Any Marketing Manager knows it takes a lot of time and effort to attract new guests to theme parks and attractions. An alternative option is to increase revenue from those visitors who are already in attendance, after all they are champions of the brand and have chosen to spend the day at the park.
One way to do this is by increasing the guest’s length of stay: time equals money!
There are many ways to do this, to suit a variety of budgets. One relatively cheap way to increase guest’s visit time is to simply increase the hours of operation.
If the guest thinks the park has enough value to stay for longer they will – there will be theme park nuts like me that follow the ‘FILO’ mentality – “First In, Last Out”. However the park has to look the part at night – updated LEDs and architectural lighting can give the park a completely different feel in those extended hours.
Of course, the guest visit could be lengthened by entering the park earlier, something Disney has always done well with its Extra Magic Hours for resort guests. By only opening some rides the park is able to control the flow of guests to a greater extent, and add value to its resort package as well.
With longer days, the food and beverage options at the park might need to be increased to rejuvenate tired guests, as well as attract locals with season passes into the park at night time. A fun example of this is Alton Tower’s new Rollercoaster Restaurant where food is ordered on iPads and delivered to your table – via rollercoaster – to your plate.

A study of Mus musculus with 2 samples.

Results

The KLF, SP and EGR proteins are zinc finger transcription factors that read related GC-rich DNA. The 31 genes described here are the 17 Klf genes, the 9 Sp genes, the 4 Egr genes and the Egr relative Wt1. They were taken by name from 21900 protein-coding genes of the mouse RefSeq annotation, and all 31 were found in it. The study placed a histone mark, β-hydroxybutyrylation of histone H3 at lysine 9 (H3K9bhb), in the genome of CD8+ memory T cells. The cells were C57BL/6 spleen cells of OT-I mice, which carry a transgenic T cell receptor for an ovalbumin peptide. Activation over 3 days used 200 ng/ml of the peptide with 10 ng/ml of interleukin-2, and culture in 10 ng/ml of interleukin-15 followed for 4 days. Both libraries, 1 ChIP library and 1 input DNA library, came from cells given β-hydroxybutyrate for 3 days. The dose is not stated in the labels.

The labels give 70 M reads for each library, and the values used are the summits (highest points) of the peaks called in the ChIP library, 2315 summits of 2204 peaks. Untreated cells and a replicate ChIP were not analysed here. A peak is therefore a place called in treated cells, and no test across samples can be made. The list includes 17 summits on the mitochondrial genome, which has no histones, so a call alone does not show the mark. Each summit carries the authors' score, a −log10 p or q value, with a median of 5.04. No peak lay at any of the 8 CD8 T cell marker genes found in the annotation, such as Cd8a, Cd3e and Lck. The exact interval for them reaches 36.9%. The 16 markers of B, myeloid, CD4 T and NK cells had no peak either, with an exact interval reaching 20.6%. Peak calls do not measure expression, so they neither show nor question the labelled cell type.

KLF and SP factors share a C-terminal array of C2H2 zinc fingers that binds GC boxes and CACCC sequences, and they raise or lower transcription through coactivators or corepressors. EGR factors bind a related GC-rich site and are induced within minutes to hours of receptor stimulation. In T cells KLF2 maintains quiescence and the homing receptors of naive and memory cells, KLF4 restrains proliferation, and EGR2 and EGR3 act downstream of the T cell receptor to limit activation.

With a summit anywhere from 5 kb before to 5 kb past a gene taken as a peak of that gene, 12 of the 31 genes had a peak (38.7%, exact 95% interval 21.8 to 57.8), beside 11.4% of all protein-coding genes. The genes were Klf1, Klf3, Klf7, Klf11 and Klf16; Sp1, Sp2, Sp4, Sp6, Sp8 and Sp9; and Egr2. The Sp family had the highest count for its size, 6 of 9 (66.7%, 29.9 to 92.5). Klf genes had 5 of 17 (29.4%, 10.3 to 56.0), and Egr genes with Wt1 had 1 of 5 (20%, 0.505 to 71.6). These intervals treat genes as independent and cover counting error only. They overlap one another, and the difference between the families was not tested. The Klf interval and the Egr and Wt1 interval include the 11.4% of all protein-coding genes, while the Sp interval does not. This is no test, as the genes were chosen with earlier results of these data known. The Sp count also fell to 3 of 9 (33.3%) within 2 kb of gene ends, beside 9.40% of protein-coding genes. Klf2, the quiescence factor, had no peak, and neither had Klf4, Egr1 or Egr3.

Adding shows and parades also increases a park’s offering for guests at night. Video Mapping has become a staple, we saw this at the Shanghai Disneyland Opening last month where the main evening show relies heavily on mapping characters and films onto the castle with supportive fireworks, lights and music to create the popular show for guests in the evening.
Bespoke night time spectaculars like ECA2’s latest Lake of Illusions at Shanghai Happy Valley, show how parks are treating a new show with the same importance – and budget- as a high end coaster. The €18 million bespoke show uses the latest technology – including newly invented SpyroscreenTM Jets to blend Chinese culture with lasers, lights, water and music.
Creating a resort around a park is the ultimate way of increasing guest spend, to not only a few hours longer, but to introduce multi-day tickets. Shanghai Happy Valley has begun construction on three ‘European Town’ hotels which will be completed by 2018, and the Lake of Illusions show will offer the hotel guests evening entertainment.
Resorts are something Merlin Entertainments does particularly well for its stand-alone attractions, such as Alton Tower’s Splash Landing Hotel and Waterpark, Thorpe Park’s cabin-style Shark Hotel, and even Glamping tepees at Warwick Castle. The trend can be seen across the world, with Michael Mack announcing at BlooloopLIVErpool that Europa Park will be adding a Scandinavian themed Waterpark and Hotel in 2018, in addition to the impressive 5 hotels, Camping and Caravanning at the Resort.
So, as attractions gear up to provide longer and even better experiences for their guests, with nighttime spectaculars and early opening hours and all manner of in-park secondary spends, this trend really does feel like a win/win situation.
Images from ECA2, Alton Towers, Warwick Castle, DisneyandMore.